If you have been looking for the perfect present for any exterminators in your life... well, this book probably isn't it. Mrs. Frisby and the Rats of NIMH is the gripping tale of a community of animals living happily together on a farm. Lest you think this is a tale only for lovers of the order Rodentia (which means rodent, for those of you who don't speak Latin), though, never fear: there are also cats, crows, owls, and shrews. Thrown in for good measure are some humans who mostly just get in the way and cause problems for all of the more loveable characters. Typical!
The novel tells two stories at once: the story of widowed Mrs. Frisby and her struggles to protect her family, and the story of a group of highly trained, super smart rats. (They're the Jason Bournes of the rodent world, but without the violence. Or the never ending sequels.) Mrs. Frisby's story unfolds in real time, while most of the rats' story occurs in flashbacks, as they tell their story to Mrs. Frisby.
The novel opens with kind, sweet Mrs. Frisby in a load of trouble: her delicate son Timothy is burning up with a serious fever and a terrible cough. Luckily, Mrs. Frisby consults a wise white mouse named Mr. Ages who is a real whiz at making up medicinal powders. Soon, Timothy is out of danger from his sickness, but troubles for this family are only just beginning.
During the winter, the mice live in a cozy cinderblock in a farmer's field. Normally when the weather gets warm the farmer plows the field near their house, so they move to their summerhouse by the river. (Lucky mice with their waterfront view!) This year, however, Timothy is too weak to be moved and the warm weather is fast approaching. So Mrs. Frisby befriends a crow, Jeremy, who takes her to visit the forests' wisest animal, an old Owl. The Owl tells her that he can't help her, but that she should go to visit the rats. This turns out to be very sage advice.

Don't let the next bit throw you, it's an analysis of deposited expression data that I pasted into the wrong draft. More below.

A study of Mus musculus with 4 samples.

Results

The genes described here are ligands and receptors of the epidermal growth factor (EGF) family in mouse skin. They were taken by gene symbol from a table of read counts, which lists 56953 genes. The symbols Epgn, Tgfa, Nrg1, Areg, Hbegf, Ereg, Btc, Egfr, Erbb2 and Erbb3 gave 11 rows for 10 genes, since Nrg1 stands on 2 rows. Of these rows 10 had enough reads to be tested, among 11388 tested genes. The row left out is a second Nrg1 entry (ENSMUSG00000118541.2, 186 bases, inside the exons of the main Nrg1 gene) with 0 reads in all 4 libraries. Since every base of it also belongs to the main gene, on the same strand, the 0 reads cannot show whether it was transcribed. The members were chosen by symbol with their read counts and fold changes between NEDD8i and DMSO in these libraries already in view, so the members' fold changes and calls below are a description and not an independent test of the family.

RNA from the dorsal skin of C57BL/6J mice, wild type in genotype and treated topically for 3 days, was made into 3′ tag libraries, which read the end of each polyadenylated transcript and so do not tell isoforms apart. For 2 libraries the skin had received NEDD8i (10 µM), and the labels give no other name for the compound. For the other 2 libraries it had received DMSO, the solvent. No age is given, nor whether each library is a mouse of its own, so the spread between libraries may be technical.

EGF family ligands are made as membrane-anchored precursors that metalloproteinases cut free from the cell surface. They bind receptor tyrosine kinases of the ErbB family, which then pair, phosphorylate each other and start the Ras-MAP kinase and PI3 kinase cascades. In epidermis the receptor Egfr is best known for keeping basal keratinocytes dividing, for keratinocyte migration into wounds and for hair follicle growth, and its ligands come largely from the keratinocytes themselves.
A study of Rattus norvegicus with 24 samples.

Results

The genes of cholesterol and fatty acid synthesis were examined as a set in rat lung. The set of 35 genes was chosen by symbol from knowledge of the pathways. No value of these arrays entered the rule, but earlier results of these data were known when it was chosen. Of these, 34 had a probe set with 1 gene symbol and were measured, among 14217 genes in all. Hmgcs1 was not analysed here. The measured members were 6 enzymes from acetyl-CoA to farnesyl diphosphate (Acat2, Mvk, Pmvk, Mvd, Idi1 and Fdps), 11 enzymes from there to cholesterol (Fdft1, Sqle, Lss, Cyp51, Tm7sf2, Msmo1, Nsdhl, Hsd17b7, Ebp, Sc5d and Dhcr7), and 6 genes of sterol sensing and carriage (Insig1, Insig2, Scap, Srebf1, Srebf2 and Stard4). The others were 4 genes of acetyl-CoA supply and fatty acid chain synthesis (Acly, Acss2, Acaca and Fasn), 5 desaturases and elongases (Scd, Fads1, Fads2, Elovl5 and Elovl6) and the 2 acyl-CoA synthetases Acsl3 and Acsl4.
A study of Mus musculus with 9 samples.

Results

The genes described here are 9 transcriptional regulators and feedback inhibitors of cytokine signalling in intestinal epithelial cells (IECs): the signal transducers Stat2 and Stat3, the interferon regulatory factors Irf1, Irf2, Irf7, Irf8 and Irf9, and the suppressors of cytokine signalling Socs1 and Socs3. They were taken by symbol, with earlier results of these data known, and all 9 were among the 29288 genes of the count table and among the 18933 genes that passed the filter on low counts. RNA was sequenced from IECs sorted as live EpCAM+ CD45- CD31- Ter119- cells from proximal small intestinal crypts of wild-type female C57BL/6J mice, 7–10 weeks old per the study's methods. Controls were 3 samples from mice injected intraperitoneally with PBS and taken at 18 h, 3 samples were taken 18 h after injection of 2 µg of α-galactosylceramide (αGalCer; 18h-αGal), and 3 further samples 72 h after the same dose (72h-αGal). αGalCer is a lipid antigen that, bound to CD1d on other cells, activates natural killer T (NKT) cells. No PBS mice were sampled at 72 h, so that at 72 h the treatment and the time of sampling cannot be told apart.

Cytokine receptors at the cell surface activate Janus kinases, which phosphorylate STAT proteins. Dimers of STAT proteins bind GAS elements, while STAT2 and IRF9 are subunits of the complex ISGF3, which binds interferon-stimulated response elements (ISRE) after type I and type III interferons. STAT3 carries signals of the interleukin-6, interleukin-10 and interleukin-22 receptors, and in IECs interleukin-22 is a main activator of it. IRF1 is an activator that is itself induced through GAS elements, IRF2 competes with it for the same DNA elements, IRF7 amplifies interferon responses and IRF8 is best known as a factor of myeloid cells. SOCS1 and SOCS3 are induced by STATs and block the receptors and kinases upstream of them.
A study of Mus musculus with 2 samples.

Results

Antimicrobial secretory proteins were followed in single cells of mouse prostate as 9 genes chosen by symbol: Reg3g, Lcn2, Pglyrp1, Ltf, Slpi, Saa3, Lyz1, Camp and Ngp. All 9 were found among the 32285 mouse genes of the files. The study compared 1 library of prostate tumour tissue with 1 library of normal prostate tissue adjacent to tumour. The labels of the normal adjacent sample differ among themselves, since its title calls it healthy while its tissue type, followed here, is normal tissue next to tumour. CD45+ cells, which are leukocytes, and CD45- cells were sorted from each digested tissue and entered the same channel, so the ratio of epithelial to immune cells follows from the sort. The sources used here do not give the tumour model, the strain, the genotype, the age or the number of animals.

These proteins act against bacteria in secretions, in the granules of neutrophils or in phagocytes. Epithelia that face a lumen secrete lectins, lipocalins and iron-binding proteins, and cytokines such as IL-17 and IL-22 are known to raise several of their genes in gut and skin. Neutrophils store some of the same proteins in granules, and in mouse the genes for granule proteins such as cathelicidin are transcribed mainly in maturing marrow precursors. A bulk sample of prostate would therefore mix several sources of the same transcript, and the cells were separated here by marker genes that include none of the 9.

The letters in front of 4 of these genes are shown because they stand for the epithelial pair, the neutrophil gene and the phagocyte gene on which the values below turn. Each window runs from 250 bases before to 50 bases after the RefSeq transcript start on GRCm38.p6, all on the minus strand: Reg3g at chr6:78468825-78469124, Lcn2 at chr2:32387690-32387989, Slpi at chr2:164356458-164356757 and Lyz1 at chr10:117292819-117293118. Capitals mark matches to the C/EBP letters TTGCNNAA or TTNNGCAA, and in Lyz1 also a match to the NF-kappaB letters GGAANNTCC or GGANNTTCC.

Totally freaking out, Mrs. Frisby does as she's told and pays the nearby rat colony a visit. At first, they want nothing to do with her. Until, that is, she mentions that her name is Mrs. Frisby. Their little ears perk right up at this and all of a sudden, she is whisked away to their leader, Nicodemus. After some discussion, the rats agree to help her move her house out of danger. Mrs. Frisby is left with two questions: Why do they want to help her? and How on earth did these rats get so smart? The answers to these questions become clear as soon as the rats begin to tell her their story. Flashback alert!
The rats tell Mrs. Frisby a wild story about being captured and taken to some scary labs (NIMH stands for the National Institute of Mental Health, which is a real place, by the way) where they are experimented on, learn to read, get super brilliant, and eventually escape from captivity. They travel for a long time before they settle down on the farm where they meet Mrs. Frisby. Yet even though they have everything they need at the farm, the rats aren't satisfied. They want to live without stealing, and so they develop the Plan.
The Plan sounds like a new fad diet, but it is actually a roadmap for the rats' new civilization—a civilization in which they will grow their own food, make their own tools, and be totally independent. Mrs. Frisby's first question is answered as well, when she learns that her deceased husband, Jonathan, escaped with the rats from NIMH. (This means that he also had special abilities, though he never told Mrs. Frisby about them.)
Things are tense for the rats and for the Frisbys as the book nears the end. For a while, it seems like nobody will get what they want: it appears that the cinder block will not be moved and that the rats may be recaptured by those same nasty scientists who kidnapped them in the first place. But, owing to some extreme acts of bravery on the part of Mrs. Frisby and several of the lead rats, everything works out in the end. The house is moved and the rats begin to implement the Plan in a beautiful mountain spot, far, far, away from pesky humans.